Original post written by Sérgio Tavares, ph.D.. This version adapted by Eileen Banting

Build projects around goals and measure the impact.

There is a common misconception that if a manager hires enough people with different competencies, problems will be solved, and ideas will grow into living projects. But that’s rarely the case.

Project owners typically don't communicate with their team to dig out the gold. Gold is found by discovering the rare common ground - located outside each one's comfort zone. Instead, they ask each of them to do the task assigned to them. And the team does just that - their job. Except that alone cannot solve the problem of turning an idea into the desired product, a must-have feature, or a habit in the consumer’s routine.

Gold is found by discovering the rare common ground - located outside each one’s comfort zone.

When projects are assigned around the skills, or assets, or tangible outcomes to be created, the ideas often do not come to life. It is when building your projects around goals, that you increase your chances of success.

Goals should immediately be translated into metrics to be achieved. Is the metric you are using helping you reach your desired state or is simply measuring for the sake of measuring? Think about this for a moment because it is critical. When you dive deeper into metrics, you’ll find that the measurements that can help you reach the desired state are the ones that are often overlooked. The tendency is to measure revenue, but what we need to focus on is what is bringing in the revenue and attach the right metrics to that. By doing so, the focus is on growth versus simply seeing the number on the paper - An action-oriented metric vs a vanity metric.

Please take a look at one of our clients, Finning, as an example. Finning is the world's largest Caterpillar dealer, selling, renting, and providing parts and services for equipment and engines to customers across diverse industries, including mining, construction, petroleum, and forestry. Finning's service goal was to reduce the time to complete the exchange of an equipment part. This process included the time it took the customer to send in the actual piece and for the company to mark it as received. At that time, this averaged to about ~37 days. For each day Finning could cut down; it resulted in about ~1mil in savings. By helping Finning create a solution around decreasing the time it took to exchange a part, the client's desired state resulted in significant savings for the company.  [Learn more about that project: here.]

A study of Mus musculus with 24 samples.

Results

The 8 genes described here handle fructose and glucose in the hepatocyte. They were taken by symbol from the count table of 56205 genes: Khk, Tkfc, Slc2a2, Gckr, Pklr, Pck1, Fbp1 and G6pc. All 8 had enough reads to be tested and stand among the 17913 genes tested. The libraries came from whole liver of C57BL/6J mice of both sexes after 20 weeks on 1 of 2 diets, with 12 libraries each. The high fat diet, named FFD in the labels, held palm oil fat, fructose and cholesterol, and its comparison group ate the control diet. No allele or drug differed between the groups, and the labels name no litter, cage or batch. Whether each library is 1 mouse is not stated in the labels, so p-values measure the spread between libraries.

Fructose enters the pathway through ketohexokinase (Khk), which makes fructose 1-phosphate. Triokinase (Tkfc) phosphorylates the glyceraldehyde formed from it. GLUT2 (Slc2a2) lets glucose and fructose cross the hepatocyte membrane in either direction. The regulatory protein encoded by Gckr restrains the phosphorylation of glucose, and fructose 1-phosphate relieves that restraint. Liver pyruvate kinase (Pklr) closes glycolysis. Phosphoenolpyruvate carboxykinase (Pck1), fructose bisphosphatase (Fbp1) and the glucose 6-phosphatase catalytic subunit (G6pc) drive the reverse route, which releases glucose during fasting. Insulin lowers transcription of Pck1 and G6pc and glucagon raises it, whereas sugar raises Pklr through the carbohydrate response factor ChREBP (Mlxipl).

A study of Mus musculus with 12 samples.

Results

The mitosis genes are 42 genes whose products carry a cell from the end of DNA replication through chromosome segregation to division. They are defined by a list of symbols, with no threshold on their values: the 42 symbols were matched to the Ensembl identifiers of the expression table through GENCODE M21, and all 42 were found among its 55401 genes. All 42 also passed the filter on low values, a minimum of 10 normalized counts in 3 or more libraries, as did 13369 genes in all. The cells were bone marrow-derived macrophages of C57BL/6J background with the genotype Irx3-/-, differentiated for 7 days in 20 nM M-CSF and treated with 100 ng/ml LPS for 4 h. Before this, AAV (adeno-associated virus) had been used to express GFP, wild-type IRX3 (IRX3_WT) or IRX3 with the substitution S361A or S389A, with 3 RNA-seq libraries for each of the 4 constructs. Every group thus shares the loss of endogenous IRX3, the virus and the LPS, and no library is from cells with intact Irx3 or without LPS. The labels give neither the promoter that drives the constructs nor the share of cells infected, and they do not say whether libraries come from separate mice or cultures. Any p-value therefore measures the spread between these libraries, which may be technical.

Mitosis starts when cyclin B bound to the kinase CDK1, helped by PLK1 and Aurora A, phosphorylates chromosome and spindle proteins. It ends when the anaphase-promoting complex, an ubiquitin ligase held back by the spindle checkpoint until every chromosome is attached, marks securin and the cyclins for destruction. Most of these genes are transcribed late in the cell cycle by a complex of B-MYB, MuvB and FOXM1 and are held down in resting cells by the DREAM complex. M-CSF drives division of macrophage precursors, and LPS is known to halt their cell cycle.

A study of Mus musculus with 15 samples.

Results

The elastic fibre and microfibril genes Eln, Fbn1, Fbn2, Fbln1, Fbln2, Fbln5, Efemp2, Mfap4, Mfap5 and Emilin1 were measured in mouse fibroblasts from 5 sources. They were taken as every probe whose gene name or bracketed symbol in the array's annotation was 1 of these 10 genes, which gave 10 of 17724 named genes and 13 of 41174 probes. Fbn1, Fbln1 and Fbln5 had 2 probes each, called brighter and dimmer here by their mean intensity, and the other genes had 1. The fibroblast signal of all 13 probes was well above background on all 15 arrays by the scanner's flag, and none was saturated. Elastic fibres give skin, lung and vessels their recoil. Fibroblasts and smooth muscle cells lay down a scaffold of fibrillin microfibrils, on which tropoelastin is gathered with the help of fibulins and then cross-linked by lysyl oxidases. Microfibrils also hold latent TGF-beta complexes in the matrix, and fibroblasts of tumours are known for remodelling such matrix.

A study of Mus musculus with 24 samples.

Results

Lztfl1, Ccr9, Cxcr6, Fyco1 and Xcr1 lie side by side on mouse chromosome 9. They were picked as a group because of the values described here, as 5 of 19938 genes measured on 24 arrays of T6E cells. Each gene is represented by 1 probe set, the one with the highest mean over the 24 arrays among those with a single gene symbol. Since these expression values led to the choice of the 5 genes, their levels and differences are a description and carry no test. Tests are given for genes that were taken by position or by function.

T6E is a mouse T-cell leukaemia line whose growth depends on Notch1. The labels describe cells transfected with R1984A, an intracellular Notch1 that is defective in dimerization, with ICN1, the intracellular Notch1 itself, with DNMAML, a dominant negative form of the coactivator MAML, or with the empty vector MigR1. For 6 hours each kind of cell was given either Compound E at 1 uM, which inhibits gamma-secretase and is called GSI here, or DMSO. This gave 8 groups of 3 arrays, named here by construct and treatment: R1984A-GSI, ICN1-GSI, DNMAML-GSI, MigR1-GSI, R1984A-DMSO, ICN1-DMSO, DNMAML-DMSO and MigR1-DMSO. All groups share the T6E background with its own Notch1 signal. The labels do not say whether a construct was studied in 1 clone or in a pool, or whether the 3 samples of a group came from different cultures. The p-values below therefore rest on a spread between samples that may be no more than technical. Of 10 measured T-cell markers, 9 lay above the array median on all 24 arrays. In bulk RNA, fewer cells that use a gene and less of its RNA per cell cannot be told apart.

Projects built around goals have a higher chance of success.

Growth is a love triangle:  The relationship between metrics, business, and customers.

The Growth Love Triangle

The analysis of service and product performance falls short when companies try to make sense of data in a one-size-fits-all manner. In order to have your business grow, we need to measure the cause not the effects. It begins by focusing on three main points are that essential for your data-driven, customer-centric business: 

1. Growth metrics relate to the core of your business model

Is this conversion rate good? Is this bounce rate bad? Is this click-through rate optimal? Well, unless they are in some extreme, all those are relative. What's important is understanding how these metrics relate to your business model.

The relationships between metrics vary according to the very nature of your business. That helps to define which metric(s) matter. Companies often skip this step because they often rely on Google Analytics reports to provide them with the numbers. But that creates confusion, not clarity because it lacks intentionality. 

2. Growth metrics relate to one another

If you are launching an entirely new service, you must understand the tipping point that gets customers to sign up, hit the purchase button, or stay with you — those are not seen in numbers. However, the job is to translate those into numbers.

You will not find any meaningful business results after simply “increasing time-on-site” or “increasing page views.” The trick is to understand how to relate a measurable thing to the core experience customers are seeking. That’s when you start leveraging the customer experience in your favour.

3. Growth metrics relate to the kind of customers you have

Then compare the types of customers you are attracting (a monthly subscriber, a once-a-year buyer) to the effort it takes to get more of these customers (social media ads, referral programs, word of mouth).

Finally, which  action-oriented metric should you choose? Pick the one which will generate the most impact. 

While measurements are nearly an exact science, the relationship between data and business models is, by nature, full of uncertainty. The job is to make the most reliable system out of it.

Is your digital strategy helping you achieve your business objectives? Are you wanting to help take your business to the next level?